Top execs preach productivity
By Don Hogsett -- Home Textiles Today, 1/19/2004 12:00:00 AM
NEW YORK —
In a broadly over-stored retail environment, and especially with Wall Street focused on the short-term and a retailer's bottom line, the time is now for retailers to shift their focus. The change will take them from building more bricks and mortar to improving the productivity of their existing store base, merchants were cautioned at last week's National Retail Federation convention held here.
"Retailers have to focus on space productivity and look beyond square footage expansion and opening new stores," said Phil Kowalczyk, managing director of the consumer products division, North America, of Kurt Salmon Associates (KSA), the Atlanta-based consulting company.
"It's imperative that retailers begin to focus more intensely on sales per square foot and GMROI (gross margin return on investment). The long-term growth story is not about expansion, it's about making the most out of what you have."
And that tight focus can pay off, he pointed out. "Sales per employee grew 3 to 5 percent for the top 100 retailers since 2001, some of that through head-count reduction."
But that's a tricky proposition, Kowalczyk acknowledged. "Retailers have to invest in innovation to keep the consumer happy, and make enough of a profit to keep Wall Street happy. It's a balancing act."
Funding innovation doesn't come cheap, but it doesn't necessarily mean taking on debt and adding baggage to the balance sheet, said Brian Devine, chairman, president and CEO of PETCO stores. "The way we do it, in any given quarter, if we're ahead, we take half the amount we're ahead by and re-invest that. You have to re-invest, because the greatest risk is stagnation."
Addressing the challenge of maintaining growth without building excess capacity, Mark Friedman, Merrill Lynch retail analyst, told retailers, "Saturation is a real issue, because retailers feel a very real need to expand to generate the kind of double-digit growth that Wall Street rewards." But segmentation, said Friedman, can be a more effective strategy than duplicating existing stores. "Take the example of Williams-Sonoma, where Pottery Barn developed Pottery Barn Kids."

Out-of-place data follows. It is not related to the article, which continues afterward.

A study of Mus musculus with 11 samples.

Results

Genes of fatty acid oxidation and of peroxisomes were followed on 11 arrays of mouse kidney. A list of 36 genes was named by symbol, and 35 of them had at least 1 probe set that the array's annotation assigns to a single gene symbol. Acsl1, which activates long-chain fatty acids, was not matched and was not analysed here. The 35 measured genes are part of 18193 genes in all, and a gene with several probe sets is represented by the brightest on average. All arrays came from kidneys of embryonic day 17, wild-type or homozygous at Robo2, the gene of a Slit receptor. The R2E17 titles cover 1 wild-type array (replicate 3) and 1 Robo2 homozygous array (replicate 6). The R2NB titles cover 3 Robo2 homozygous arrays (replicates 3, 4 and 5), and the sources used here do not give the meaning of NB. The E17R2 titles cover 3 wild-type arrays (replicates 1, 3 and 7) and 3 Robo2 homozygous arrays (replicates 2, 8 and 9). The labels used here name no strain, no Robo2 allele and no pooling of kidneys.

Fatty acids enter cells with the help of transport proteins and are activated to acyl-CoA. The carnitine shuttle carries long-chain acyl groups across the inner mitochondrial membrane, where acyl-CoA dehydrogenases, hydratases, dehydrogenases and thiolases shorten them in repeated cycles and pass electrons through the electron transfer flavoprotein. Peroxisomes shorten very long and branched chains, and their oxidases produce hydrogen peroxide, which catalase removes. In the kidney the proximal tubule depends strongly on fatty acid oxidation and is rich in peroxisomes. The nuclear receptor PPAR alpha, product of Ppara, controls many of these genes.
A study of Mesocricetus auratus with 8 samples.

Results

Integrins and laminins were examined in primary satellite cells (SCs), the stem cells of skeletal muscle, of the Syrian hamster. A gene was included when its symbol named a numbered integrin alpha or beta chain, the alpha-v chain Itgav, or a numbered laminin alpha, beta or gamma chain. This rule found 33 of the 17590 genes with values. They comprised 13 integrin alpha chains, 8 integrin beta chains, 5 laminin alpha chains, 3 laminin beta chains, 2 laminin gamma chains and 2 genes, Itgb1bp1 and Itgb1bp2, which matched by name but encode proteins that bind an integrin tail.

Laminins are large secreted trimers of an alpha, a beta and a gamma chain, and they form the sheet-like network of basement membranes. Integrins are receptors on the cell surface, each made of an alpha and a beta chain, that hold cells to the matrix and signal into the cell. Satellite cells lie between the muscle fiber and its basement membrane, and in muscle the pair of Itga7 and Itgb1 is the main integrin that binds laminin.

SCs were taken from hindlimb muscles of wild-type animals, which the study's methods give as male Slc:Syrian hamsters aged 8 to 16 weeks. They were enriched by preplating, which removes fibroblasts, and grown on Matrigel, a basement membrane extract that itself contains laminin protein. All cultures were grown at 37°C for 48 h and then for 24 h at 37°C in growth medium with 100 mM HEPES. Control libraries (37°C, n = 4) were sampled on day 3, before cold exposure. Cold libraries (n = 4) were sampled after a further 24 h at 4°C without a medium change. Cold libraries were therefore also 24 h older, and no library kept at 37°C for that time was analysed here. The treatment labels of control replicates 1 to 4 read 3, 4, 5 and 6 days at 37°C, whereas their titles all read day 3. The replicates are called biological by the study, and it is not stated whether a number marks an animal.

Another strategy for layering on growth without adding new stores is building new business centers into existing doors, said Joe Doody, president of North American delivery for Staples. "You can leverage your core competency by adding services, not just products. At Staples, we've put in a copy center and put in a shipping center."
Echoing the sentiment was PETCO 's Doody. "Adding services is just as important as adding new products." A case in point, he said, has been the addition pet 'spas,' grooming centers, to some of its PETCO stores.
KSA's Kowalczyk said that kind of innovation is of paramount importance. "Innovation is crucial to make that consumer connection. And remember, innovation never comes from an articulated need. It comes from an insight into an unarticulated need. The lesson is anticipate."
Kowalczyk exhorted retailers to keep in mind the results of a recent KSA survey. "Seventy-five percent of consumers said one-stop shopping doesn't exist. They said stores are too big and too difficult to negotiate. And your customers expect you to figure them out. They're tired of trying to figure you out."